Saturday, June 23, 2012
Coyotes thrilled about return of Michalek
By Pierre LeBrun
PITTSBURGH -- The Phoenix Coyotes have lost several players over the past few years because of their financial predicament and ownership issues, but none bothered them more than when Zbynek Michalek left town in the summer of 2010.
Nothing has stung more to GM Don Maloney. I’ve never seen him more irate about any player leaving. Coach Dave Tippett has lamented his loss ever since, feeling Michalek’s defensive abilities were never really replaced in his absence.
So when the opportunity came Friday to bring him back to Phoenix, the Coyotes jumped on it.
They had competition: The Penguins were also in talks with the Nashville Predators. But in the end, Phoenix won out with a package consisting of prospect Harrison Ruopp (a third-round pick last year) plus a third-round pick this year (81st) and minor league goalie Marc Cheverie.
"We’ve reacquired Zbynek Michalek, who we know very well [and] we didn’t want to lose a couple of years ago," said Maloney. "He was a very important player with us in regards our culture, how we wanted to play. I know at the time there was ironically uncertainty with the franchise, which seems to be a recurring theme, but he was ... assistant captain, didn’t want to lose him. [We] know who he is. So we were thrilled. We ... look at Z playing with a player like Oliver Ekman-Larsson as being a terrific combo matchup against the best players in the West and we’re just thrilled to have him back."
The day began with the Coyotes taking several calls from teams about offensive blueliner Keith Yandle, but they never pulled the trigger on that deal. The feeling was that it would have to take a real special deal -- we’re talking a No. 1 center -- to get Yandle. It never came close to materializing on Friday.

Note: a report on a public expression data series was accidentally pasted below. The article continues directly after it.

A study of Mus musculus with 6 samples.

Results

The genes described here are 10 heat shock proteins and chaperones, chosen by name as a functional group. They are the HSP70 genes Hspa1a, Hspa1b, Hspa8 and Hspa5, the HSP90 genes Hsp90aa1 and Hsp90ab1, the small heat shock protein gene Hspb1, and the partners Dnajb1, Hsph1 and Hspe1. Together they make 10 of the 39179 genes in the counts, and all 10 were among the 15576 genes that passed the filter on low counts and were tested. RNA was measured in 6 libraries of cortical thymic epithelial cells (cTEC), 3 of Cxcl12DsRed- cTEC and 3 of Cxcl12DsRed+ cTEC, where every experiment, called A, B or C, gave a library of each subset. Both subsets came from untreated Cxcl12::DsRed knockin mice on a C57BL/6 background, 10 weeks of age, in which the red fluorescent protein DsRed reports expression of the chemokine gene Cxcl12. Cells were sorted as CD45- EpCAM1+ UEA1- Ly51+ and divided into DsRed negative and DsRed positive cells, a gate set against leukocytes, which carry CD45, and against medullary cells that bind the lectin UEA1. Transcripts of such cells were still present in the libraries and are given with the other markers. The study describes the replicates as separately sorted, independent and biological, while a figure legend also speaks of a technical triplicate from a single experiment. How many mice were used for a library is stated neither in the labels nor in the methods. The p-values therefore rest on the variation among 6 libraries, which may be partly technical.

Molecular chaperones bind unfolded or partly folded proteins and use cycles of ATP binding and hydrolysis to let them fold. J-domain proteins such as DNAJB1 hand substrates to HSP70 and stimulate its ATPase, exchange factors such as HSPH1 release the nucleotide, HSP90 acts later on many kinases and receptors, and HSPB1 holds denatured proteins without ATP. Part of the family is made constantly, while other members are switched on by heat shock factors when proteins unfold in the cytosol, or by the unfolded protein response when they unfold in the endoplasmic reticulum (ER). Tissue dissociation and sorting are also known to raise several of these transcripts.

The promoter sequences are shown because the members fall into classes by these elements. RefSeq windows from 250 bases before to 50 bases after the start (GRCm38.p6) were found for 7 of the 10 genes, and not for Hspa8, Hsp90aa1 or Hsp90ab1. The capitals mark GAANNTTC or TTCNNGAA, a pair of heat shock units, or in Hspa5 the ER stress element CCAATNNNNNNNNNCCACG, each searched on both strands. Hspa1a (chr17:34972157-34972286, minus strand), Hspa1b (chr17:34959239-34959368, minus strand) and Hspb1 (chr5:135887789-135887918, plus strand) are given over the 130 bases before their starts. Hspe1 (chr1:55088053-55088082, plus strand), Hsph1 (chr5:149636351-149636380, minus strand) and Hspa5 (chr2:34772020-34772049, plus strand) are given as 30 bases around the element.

Meanwhile, the Penguins cleared up about $6 million in salary-cap space by dealing both Michalek ($4 million cap hit) and Jordan Staal ($4 million cap hit) and acquiring Brandon Sutter ($2 million cap hit).
Zach Parise anyone? You have to imagine the Penguins might join the long list of suitors come July 1 for the UFA star winger. Imagine Parise and Sidney Crosby on one line while James Neal continues to do his thing with Evgeni Malkin on the other?
And I give Penguins GM Ray Shero a ton of credit. It was crushing to have Jordan Staal turn down a 10-year contract extension, not to mention have it leak out on the eve of the draft his team was hosting. But Shero quickly turned around the next day and made the first call to Hurricanes GM Jim Rutherford to get the ball rolling. He got good value in return for Staal, a player he was clearly going to lose to free agency a year from now anyway. The New York Rangers and Anaheim Ducks also made serious inquiries on Staal, the Rangers of course having Jordan’s brother Marc Staal as their carrot, but the Hurricanes won out with the best offer.
By the way, don’t be the least surprised if two years from now -- when Marc Staal is one year away from unrestricted free agency -- that the Hurricanes come calling on the Rangers with a trade offer. You can take that to the bank.
The Rangers continue in their search for their first-line winger. The process with the Columbus Blue Jackets on Rick Nash is growing to be a bit frustrating for the Blueshirts. They don’t want to wait until the first week of July as the Jackets are contemplating perhaps doing. In the meantime, the Rangers also have Ducks winger Bobby Ryan on their radar. It’s a solid option if the Nash deal doesn’t progress.
The Flyers made a deal with the Jackets on Friday when they sent goalie Sergei Bobrovsky to Columbus. But sources on both sides insist that doesn’t eliminate Philadelphia from the Nash bidding either. Likewise, the Ottawa Senators will continue to keep tabs on the Nash situation.
In the end, the one deal some people believed was possible never came close to happening. Edmonton kept its first overall pick and selected Nail Yakupov. An Oilers source said nothing ever came close to making them even think at all about moving the pick.